Steel 232 – and Another Thing, or Two
By William Reinsch
In cranking out last week’s column about the steel section 232 investigation I left out two points that are important, largely because there was no room for them. Since the issue lingers on — and I continue to believe it will take longer to come up with a plan than observers think — I want to come back to steel this week and make the points I left out.
First, we all need to keep in mind that while the steel industry has been successful in obtaining trade relief over the years because it has been able to convince people that it is both essential to our economy and the victim of unfair trade practices no matter how you define them, it has never been a smooth process. Steel is not generally an end product. It usually ends up being incorporated into something else — a car, a plane, a pump, a building (rebar), and so on. That means there are plenty of downstream users that are going to be affected by whatever happens to the price of steel whether it increases because of tariffs or because of limits on foreign supply that pump up demand for domestic products.
Historically, those downstream users have been well-organized, often by Caterpillar, and vigorous in opposing steel import relief. While they have not often succeeded in blocking relief entirely, their efforts have had a mitigating effect on the outcome. There have been some signs of that opposition this time around, but it does not appear to have reached the critical noisy mass necessary to have a significant effect on the outcome. That might still change, particularly after the Commerce Department’s recommendations become public, and there is something specific to oppose, but usually the opposition is well underway by this point. I’m not sure why this time is different. It may be because steel users are distracted with other problems of their own, or it may be because they are reluctant to get into a debate over national security, which is harder for companies to address than economic impact. The result may well end up being less opposition to further industry relief than usual and thus a freer hand politically for the administration.
The second issue that has already begun to arise is the foreign reaction. Last week I mentioned that besides China the other major steel exporters are our friends and allies, including countries that participate in joint defense projects with the U.S. They will not pass up the opportunity to express their views, particularly to the Defense Department.
There is also, however, the foreign legal reaction. In the 1986 machine tools 232 case, this was avoided through the use of “voluntary restraints” in which the other government — in that case Japan and Taiwan — voluntarily agreed to limit their exports (one can debate how voluntary that decision was with the threat of import restrictions dangling over their heads, but the fact remains it was their decision not ours). That meant no retaliation and no resort to the WTO. This time around that is unlikely. There are many more producers that could be affected, and it is hard to believe that at least one of them, most likely China, would not either litigate our action or retaliate or both.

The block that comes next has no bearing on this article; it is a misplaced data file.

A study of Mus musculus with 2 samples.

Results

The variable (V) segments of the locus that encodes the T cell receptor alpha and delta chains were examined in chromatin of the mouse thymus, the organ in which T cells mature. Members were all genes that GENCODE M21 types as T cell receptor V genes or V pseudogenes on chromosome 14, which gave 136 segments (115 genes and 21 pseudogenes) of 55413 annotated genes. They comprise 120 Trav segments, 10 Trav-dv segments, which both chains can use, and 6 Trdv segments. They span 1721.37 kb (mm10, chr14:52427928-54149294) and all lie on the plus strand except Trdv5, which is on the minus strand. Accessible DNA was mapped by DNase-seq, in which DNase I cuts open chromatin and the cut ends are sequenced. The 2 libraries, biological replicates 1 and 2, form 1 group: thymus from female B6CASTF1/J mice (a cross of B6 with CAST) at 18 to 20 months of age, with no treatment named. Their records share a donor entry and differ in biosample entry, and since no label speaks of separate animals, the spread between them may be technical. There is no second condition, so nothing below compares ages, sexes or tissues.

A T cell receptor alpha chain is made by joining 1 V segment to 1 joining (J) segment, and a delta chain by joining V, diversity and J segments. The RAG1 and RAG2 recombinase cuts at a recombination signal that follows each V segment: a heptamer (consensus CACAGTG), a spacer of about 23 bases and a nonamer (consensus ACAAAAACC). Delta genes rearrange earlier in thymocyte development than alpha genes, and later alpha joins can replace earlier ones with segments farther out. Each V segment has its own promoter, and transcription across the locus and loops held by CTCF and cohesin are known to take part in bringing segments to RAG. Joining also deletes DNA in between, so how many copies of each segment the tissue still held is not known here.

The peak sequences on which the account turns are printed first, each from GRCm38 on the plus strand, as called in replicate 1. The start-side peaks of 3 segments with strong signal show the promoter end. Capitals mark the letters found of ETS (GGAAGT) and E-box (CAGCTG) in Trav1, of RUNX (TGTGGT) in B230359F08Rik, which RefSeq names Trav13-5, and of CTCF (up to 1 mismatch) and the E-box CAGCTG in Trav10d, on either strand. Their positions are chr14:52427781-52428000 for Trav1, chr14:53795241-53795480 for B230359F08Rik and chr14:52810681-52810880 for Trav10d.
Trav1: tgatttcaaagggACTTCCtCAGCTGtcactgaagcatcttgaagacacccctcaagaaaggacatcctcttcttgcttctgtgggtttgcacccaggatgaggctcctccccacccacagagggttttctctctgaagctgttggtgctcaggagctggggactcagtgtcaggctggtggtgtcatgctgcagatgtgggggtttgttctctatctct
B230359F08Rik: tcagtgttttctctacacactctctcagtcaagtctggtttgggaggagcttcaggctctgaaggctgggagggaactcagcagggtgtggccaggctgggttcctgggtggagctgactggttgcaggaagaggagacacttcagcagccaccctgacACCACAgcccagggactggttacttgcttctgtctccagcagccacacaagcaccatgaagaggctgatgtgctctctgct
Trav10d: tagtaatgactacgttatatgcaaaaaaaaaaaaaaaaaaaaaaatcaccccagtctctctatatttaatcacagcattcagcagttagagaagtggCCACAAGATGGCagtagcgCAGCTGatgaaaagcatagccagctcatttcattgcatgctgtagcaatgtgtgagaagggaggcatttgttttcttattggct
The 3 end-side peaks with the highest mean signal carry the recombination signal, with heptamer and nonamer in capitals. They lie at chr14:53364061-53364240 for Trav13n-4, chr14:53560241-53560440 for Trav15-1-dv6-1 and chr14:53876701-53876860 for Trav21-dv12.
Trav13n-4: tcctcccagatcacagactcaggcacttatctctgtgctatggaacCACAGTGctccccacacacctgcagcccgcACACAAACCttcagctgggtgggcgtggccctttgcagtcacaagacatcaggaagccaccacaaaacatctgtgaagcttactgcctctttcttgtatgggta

Retaliation could have a broad effect on our economy depending on its depth and breadth, but there is no point speculating on that right now beyond noting that it is a real possibility that the administration should keep in mind as it makes its decisions.
Litigation would mean a complaint in the WTO about our action, and the common expectation is that if that occurred, the United States would invoke the Article XXI national security exception. There is some speculation that no one would bring such a case because the scope of the exception has never been defined, and everyone prefers to leave it that way. I think that is wrong. Just as there has been an uptick in WTO litigation generally, led in part by the U.S., by the way, there has also been an increased willingness on the part of others to take us on — look at the many cases involving our antidumping and countervailing duty rules. The fact that the Trump administration’s trade policy is not making many friends only makes litigation more likely.
The salient part of Article XXI reads, “Nothing in this Agreement shall be construed...(b) to prevent any contracting party from taking any action which it considers necessary for the protection of its essential security interests.” That is pretty broad, and it is easy to see how the administration would prevail if it invoked the exception.
Of course, if there is one thing you should know about trade, it is that everything is linked. If we invoke Article XXI, we open the door to others doing the same thing, most likely against U.S. goods. Keep in mind, for example, the number of members of Congress who have argued recently that food is a national security matter. If that is true here, it is true elsewhere, which means our farmers could be major victims as other countries begin to use Article XXI as an excuse for protection. In other words, what goes around, comes around. As I said last week, that is not a reason by itself not to act, but it is clearly something the administration needs to think about and prepare for before it does act.
William Reinsch is a Distinguished Fellow with the Stimson Center, where he works principally with the Center’s Trade21 initiative.